Reading Elizabeth McKenzie’s winning new novel, The Portable Veblen, feels a bit like jumping into a Wes Anderson movie. In the opening lines, one can almost hear the Andersonesque voice-over and see the camera zoom in for the set-up shot: “Huddled together on the last block of Tasso Street, in a California town known as Palo Alto, is a pair of humble bungalows, each one aplot in lilies. And in one lived a woman in the slim green spring of her life, and her name was Veblen Amundsen-Hovda.”

Like Wes Anderson, McKenzie has a bent toward the surreal, the madcap, and the bizarre. Her heroine Veblen (named for Thorstein Veblen, the anti-materialist economist and coiner of the phrase ‘conspicuous consumption’), loves typing, translating Norwegian texts, and talking to squirrels. (The squirrels, for their part, have a lot to say back, and quite a good vocabulary.)

Also like Anderson, McKenzie creates characters who live in a sphere set apart from contemporary culture. Amidst the rapid currents of Palo Alto’s gentrification, Veblen defends her ramshackle cottage. In a town of ambitious tech titans, Veblen prefers her temp job at the hospital.  When Veblen’s kind, neurosurgeon boyfriend Paul pops the question with giant engagement ring, Veblen is filled with dread. 

There are good reasons for Veblen’s caution; good reasons for her to be reading Marriage: Dead or Alive in bedeach night. Veblen’s mother, a glamorous but disheveled hypochondriac (cue Tilda Swinton!) had a disastrous marriage to Veblen’s father, an institutionalized manic, leaving Veblen to navigate the choppy waters of family life on her own. For his part, Paul’s parents were peace-loving, commune-living nudists who cared deeply about everything except their son’s upbringing. The crux of the book asks: do two people with no experience in normal family life and luggage racks full of family baggage have any business marrying each other? And can they be happy if they do?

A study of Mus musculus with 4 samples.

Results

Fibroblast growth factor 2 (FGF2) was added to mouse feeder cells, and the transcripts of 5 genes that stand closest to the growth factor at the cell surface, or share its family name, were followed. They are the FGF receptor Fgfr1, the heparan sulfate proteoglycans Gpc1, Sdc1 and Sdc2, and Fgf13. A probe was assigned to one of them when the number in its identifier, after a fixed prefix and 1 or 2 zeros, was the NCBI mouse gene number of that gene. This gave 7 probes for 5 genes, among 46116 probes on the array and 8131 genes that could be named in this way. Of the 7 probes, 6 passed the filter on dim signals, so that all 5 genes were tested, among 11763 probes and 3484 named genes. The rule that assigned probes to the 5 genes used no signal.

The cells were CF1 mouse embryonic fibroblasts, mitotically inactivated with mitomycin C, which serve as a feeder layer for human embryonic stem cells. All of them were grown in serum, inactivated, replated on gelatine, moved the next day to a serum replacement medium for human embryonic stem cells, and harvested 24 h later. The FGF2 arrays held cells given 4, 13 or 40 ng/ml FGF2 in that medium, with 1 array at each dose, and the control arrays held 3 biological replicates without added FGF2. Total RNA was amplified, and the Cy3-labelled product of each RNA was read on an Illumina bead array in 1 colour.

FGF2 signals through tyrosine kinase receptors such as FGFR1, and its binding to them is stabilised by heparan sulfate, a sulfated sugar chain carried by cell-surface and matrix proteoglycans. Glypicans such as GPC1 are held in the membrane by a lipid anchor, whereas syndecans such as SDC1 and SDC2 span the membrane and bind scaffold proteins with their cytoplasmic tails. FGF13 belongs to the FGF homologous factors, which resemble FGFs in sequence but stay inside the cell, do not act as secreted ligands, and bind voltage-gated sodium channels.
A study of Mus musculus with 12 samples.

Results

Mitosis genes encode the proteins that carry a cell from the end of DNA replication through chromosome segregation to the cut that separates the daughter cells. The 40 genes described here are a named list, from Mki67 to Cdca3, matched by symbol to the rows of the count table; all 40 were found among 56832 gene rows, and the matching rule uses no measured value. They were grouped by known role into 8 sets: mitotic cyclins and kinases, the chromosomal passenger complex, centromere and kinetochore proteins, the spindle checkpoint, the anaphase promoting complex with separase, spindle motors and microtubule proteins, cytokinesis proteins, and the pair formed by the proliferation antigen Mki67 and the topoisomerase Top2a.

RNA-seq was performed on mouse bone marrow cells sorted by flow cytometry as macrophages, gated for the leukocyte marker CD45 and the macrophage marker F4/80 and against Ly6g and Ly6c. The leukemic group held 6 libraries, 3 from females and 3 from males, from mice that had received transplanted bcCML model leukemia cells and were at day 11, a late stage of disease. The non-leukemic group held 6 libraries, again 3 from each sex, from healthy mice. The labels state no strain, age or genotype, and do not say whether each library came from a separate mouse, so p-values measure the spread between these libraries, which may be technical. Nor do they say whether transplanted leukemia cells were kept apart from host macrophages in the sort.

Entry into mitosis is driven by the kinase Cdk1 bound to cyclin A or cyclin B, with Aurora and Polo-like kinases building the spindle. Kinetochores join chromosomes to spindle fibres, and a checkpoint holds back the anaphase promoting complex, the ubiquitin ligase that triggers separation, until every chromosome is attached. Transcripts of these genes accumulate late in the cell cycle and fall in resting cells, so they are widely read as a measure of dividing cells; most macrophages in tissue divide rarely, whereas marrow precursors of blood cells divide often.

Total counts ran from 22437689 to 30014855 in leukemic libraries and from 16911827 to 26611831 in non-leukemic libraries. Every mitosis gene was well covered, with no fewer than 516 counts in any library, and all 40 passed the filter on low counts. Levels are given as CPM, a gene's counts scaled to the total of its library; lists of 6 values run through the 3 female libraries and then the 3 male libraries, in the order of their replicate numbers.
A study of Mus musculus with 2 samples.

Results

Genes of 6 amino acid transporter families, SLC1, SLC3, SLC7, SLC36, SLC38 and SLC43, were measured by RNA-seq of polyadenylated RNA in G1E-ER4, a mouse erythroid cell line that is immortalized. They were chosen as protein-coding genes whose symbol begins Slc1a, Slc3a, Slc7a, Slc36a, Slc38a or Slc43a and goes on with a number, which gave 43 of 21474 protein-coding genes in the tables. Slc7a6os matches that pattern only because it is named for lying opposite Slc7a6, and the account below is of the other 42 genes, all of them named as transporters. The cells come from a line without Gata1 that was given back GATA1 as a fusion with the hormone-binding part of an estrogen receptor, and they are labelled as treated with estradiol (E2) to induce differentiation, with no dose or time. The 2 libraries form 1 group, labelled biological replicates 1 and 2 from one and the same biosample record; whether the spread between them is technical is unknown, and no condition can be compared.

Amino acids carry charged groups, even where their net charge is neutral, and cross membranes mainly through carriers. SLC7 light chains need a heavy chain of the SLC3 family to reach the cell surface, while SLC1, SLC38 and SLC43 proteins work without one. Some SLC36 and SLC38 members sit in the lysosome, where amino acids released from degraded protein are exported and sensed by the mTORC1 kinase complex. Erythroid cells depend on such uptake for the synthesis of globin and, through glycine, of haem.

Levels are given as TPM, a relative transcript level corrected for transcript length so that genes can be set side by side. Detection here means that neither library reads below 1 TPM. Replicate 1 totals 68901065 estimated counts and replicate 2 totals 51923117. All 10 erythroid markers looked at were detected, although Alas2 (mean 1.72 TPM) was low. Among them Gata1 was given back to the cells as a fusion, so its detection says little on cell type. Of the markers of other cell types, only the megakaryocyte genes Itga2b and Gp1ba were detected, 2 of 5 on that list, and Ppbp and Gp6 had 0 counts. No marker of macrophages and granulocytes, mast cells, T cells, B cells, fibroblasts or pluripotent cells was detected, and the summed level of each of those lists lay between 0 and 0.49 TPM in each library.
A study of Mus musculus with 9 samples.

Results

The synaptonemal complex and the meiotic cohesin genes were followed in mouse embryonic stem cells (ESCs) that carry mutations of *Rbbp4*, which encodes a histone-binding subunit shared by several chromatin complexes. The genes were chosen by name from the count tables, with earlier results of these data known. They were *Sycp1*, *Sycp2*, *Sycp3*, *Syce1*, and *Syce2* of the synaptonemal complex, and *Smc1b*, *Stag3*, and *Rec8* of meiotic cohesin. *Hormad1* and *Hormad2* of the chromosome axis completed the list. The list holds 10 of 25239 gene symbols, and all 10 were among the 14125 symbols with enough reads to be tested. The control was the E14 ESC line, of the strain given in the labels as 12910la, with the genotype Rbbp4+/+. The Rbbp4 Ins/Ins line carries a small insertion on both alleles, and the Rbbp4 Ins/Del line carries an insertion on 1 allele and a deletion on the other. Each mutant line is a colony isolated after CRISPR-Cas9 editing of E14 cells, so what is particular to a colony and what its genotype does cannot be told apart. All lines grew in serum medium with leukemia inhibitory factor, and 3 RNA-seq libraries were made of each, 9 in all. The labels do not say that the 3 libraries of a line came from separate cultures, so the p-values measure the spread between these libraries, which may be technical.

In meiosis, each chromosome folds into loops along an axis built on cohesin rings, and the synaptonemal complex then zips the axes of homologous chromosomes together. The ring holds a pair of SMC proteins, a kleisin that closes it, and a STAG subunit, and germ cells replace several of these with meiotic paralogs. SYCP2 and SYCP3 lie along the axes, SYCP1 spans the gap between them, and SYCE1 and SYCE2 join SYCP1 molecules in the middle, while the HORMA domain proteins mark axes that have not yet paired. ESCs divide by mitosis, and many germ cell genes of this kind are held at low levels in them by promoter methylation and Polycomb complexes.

Continue reading >


 

McKenzie, who is in her second marriage, says she was able to transfer her own feelings about marriage—the beauty and the skepticism of it—into the novel. “Before I got married the first time, I had very romantic ideas about it,” she says.  Following her divorce, however, she became more honest, more realistic. “I transported a lot of that process to the book.”Veblen Cover

McKenzie began work on The Portable Veblen in 2007, and a version appeared in The Atlantic in 2011. While the plot evolved over time, Veblen’s character remained sturdy, as did the location of Palo Alto. “I think there’s a real nostalgia from me about old Palo Alto and how it used to be a humble place,” says McKenzie, who now lives in Santa Cruz. “My father grew up there. During the Depression my grandfather tried to sell parcels of land there and could not sell them. I grew up in L.A., which seemed very commercial and status-conscious. Palo Alto felt like the opposite, and there are still pockets of the town that are like that.”

Of all the “old guard” in Palo Alto, the oldest are certainly the squirrels and McKenzie—like Veblen—is charmed by their quixotic presence. “I like the fact that they’re wild animals that come into our world,” McKenzie says. “They keep their wildness and yet they tolerate us. They’re some of the oldest animals on earth—450 million years old.  They’ve just made adjustments to survive, and I think that’s kind of an enchantment.”

People, like squirrels, make adjustments to get on in life, and watching Veblen and Paul dart, dash, and scamper to keep their relationship afloat is its own kind of enchantment. Early praise of McKenzie’s book from lofty quarters (think Karen Joy Fowler, Abraham Verghese, and a starred Kirkus review) has heightened anticipation for this wholly original work with a seriously original title. Adventurous readers would do well to follow the advice of the brown, bushy-tailed squirrel on the last page: “Seeforyourselfforyourselfforyourself.”

Kirk Reed Forrester is the Books Editor for Virtuoso Life, a contributing editor at flower magazine and a features writer for Kirkus Reviews. She lives in Birmingham, Alabama.